On September 12th, 2012 the Higher Regional Court of Karlsruhe – 6 U 58/11 – decided on the question, which actions a debtor has to restrain from after he signed a declaration to cease and desist “using a photograph on the internet”.
The parties before the court argued about the transfer of rights and the continued existence of claims after the transfer of a company. However, the court mainly had to deal with three questions:
1. How is a declaration to cease and desist to be interpreted:
a) in general
b) regarding the term “using a photograph on the internet”?
2. Does the defendant’s behavior fulfill the so-defined conditions?
3. Can fault be attributed to the defendant regarding the fulfillment of the conditions?
What had happened?: The circumstances of the case
The defendant used a photograph as part of an article on his homepage without having been granted the necessary rights by the plaintiff. In reaction to the plaintiff’s written warning notice, the defendant declared in December 2011 to cease and desist “using the photograph on the internet without having been licensed to do so”. According to the declaration, the plaintiff was entitled to demand a contractual penalty for any culpable failure to observe the restrictions on use.
The photograph was deleted from his content-management system by the defendant. However, when entering the URL build of 44 letters and numbers it was still accessible and downloadable via the internet in January 2012.
The plaintiff called upon the defendant to pay the contractual penalty. When the defendant refused, the plaintiff initiated legal proceedings to pursue his demands. He claimed the defendant’s actions to be a “use of the photograph on the internet” without the necessary license. Therefore, as the defendant culpably failed to observe the restrictions on use, he had to pay the contractual penalty.
The defendant claimed that he did not culpably fail to observe the restrictions on use.
According to him, he did not use the photograph on the internet, as the term use on the internet was to be interpreted as “using the photograph as part of an article or editorial contribution to his homepage”. However, if the term had to be interpreted differently, it could not be interpreted as “making available” in terms of the German copyright law. The law – the defendant claimed – differentiates between “use” and “exploitation”. As the right to make available a creation covered by the German copyright law forms part of the creator’s right to exploit the creation, the wording of the declaration to cease and desist indicates that it had to interpreted differently. In any case, the defendant claimed, he had not made the photograph available, as no one was likely to enter a URL build of 44 letters and numbers so that in practice the photograph was not accessible via the internet.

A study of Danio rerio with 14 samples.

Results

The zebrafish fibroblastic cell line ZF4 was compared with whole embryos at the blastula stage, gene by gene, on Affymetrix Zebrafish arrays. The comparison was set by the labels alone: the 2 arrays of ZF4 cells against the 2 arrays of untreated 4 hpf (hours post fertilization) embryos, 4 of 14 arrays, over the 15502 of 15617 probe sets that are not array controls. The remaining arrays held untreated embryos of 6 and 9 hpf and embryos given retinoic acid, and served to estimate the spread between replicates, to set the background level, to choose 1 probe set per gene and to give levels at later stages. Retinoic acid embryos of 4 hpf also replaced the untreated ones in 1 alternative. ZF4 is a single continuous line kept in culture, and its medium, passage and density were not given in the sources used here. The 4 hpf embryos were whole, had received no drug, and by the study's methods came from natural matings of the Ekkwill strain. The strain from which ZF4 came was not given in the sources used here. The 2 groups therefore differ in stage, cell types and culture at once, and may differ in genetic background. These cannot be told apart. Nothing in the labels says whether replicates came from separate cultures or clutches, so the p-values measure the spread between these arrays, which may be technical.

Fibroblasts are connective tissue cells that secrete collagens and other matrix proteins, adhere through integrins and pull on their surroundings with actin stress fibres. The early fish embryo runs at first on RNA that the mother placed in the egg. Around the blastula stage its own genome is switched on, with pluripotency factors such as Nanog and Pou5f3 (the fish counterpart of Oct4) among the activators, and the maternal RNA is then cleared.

Finally, he claimed, he had not acted culpably. He had deleted the photograph from his content-management-system. The system had reliably always deleted all the content from all his servers on previous occasions. He had checked the deletion manually and when entering the URL he had received a corresponding error message. Therefore, fault could not be attributed to him for the fact that the system had not worked properly and had not deleted the photograph from three of his servers.
What did the court hold?: The decision
In his decision, the Higher Regional Court of Karlsruhe held that in general the wording of a declaration to cease and desist was to be interpreted on the basis of the declaration, not on the basis of the German copyright law. In the case laid before him, the defendant’s declaration referred to the plaintiff’s written warning notice, the term “use of the photograph on the internet” had to be interpreted with regard to what the plaintiff had wanted the defendant to refrain from. That was not to make the photograph available via internet any longer. Therefore, the plaintiff forfeited the contractual penalty by making the photograph accessible and downloadable via the internet. A relation to an article or any other editorial contribution was found not to be necessary.
Furthermore, the court held, even if the term had to be interpreted on the basis of the German copyright law, the defendant would still have forfeited the contractual penalty as he would still have used the photograph on the internet. Although the German copyright law generally differentiates between “use” and “exploitation”, the wording of the declaration – the court held – could not be interpreted to mean anything other than that the defendant had to refrain from making the photograph accessible. That, however, is what the German copyright law describes as making a creation available. A further, special form of exploitation is not required.
The court went on stating that the photograph had been made available by the defendant. The fact that an URL build of 44 letters and figures had to be entered, did not prevent others from accessing and downloading the photograph at times and from places of their choice. The circumstances had to be abstractly analyzed. As the URL might still be saved on third parties computers or might be found by search engines, the photograph was being made available.
Finally, the court held, fault could be attributed to the defendant. While generally speaking defendants might be entitled to rely on software and a content-management-system, in this case the defendant negligently neglected the due care. After he had signed the declaration to cease and desist the use of the photograph, he was obliged to pay special attention to its deletion from all his servers. He had been obliged to manually check up to thirty servers and had failed to so. Thus, he had culpably failed to observe the restrictions of use and therefore had to pay the contractual penalty.